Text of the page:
In 2010, the world was spoilt with films such as The Social Network, Inception, and Up. What we didn’t see coming, however, was Danish director Susanne Bier’s spectacular filmic escapade, In a Better World. Bier, best known in the UK for directing the worldwide series The Night Manager, created an arresting portrayal of the ‘other’ Denmark, one without such a strikingly harmonious society.
The thriller observes the extraordinary but precarious bond formed between two young Danish boys, which contrasts with a tumultuous and deteriorating marriage, as well as a violent relationship between the two fathers. Set against the backdrop of both Denmark and a war-torn African refugee camp, Bier uses the former as a deliberate and visible representation of the darker turmoil that exists in her depiction of Denmark. The film undeniably appears to be a haunting insight into man’s soul, and this proves to be the case upon listening to the soundtrack alone. Immediately, you recognise that this is the score from the kind of film that stays with you for days afterwards.
Hailing from Stockholm, Johan Söderqvist was delegated the momentous role of affiliating Bier’s vision with music, combining the elegance and scope of a Hollywood film with the honesty and challenge of a smaller, humbler indie. The Swedish composer employed the African instrument, the ‘mbira’, to carry the tone throughout the soundtrack. In fact, the opening scene – a first look at the refugee camp in Africa - establishes this instrument as the main voice of the film. It acts as a constant throughout the soundtrack, always in the foreground blending with scenes in both Africa and Denmark thanks to its soft nature. Its ability to serve an emotional but also rhythmical function captures the beats of the film perfectly.
With the writers of In a Better World, Bier hoped to construct something that dug beneath the smiling surface of Denmark, the best thing about the music is how it serves this idea faithfully. The music contradicts its own face-value purity and perfection; amidst the beauty, there are salient moments of uneasiness, instability and vulnerability. The accompanying music strips itself of any safety or security, leaving us only with a feeling of fragility underneath what seems to be a shining façade. Just like Bier’s Denmark, an idyllic setting that needs to be broken, Söderqvist recognises that there should be a notably tenuous feeling of safety which respects the overriding sentiment of the film. The composer generally employs a sparse musical texture using a lone male voice in all its vulnerability to create moments of intimacy. This is, however, counteracted by euphoric moments where Söderqvist incorporates unquestionably clichéd but unapologetic soaring strings: a build-up of tension released in an outpouring of emotion. This element of unpredictability means that it is the kind of music which makes you stop. The film has the same effect – it creates a deadly silence, and the music and picture work in accord in a way I have never come across in a score before.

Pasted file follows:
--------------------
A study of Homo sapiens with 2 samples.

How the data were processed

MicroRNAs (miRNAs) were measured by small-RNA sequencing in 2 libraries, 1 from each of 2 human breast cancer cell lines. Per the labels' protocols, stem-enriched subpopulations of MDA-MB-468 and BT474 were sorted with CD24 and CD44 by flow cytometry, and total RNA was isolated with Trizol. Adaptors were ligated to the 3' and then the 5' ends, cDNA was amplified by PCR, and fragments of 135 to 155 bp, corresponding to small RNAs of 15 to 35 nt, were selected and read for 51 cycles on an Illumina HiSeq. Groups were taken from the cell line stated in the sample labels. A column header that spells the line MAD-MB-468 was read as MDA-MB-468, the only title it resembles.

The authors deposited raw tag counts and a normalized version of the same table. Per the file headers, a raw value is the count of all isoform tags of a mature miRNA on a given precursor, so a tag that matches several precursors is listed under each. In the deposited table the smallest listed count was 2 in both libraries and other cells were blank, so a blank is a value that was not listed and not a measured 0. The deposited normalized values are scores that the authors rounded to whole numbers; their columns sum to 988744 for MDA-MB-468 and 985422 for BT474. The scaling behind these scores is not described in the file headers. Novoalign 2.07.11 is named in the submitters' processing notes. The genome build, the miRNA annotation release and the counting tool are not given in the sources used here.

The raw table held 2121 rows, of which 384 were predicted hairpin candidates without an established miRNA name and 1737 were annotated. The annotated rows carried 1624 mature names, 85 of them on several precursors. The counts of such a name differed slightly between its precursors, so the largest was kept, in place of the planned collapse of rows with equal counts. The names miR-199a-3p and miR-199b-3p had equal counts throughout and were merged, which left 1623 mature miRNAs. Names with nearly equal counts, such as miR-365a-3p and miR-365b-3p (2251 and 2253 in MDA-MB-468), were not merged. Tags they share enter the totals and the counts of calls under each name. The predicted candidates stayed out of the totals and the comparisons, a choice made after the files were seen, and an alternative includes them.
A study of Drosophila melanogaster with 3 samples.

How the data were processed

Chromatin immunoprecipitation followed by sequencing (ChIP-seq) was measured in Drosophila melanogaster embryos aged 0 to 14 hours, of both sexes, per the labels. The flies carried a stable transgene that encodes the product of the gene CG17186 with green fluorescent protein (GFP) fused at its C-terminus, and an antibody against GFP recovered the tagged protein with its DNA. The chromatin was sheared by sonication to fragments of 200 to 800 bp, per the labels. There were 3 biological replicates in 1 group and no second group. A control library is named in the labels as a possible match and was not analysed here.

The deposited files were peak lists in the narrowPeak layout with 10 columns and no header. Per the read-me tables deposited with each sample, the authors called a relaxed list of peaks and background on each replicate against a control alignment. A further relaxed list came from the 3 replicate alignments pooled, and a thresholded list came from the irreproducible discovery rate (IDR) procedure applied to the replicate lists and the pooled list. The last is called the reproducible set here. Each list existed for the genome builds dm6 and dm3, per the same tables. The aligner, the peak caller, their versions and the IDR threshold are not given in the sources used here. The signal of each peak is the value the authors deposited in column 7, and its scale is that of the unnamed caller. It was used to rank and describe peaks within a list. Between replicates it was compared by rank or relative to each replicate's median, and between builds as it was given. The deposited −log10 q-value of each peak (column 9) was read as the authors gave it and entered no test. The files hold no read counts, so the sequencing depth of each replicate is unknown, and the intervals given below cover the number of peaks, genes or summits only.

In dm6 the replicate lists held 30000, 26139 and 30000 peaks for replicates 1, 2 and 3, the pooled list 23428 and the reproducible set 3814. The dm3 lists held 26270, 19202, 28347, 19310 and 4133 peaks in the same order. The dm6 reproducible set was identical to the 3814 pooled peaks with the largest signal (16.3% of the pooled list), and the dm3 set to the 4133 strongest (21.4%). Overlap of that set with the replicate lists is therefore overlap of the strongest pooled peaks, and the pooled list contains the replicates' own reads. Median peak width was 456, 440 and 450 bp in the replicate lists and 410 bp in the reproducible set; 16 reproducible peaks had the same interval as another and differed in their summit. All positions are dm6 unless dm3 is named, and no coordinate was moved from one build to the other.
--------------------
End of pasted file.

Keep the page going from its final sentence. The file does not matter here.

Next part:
Söderqvist should be commended for creating this heartbreakingly beautiful score; undoubtedly his most impressive work to date. It reflects the feelings of frailty and sorrow presented in the film with grace. The music has its own voice in the film, and whilst the picture itself has been praised profusely, the score should receive equal plaudits for its uniquely moving musical narration. I would urge anyone to listen and experience the emotional depth that Söderqvist’s work has to offer.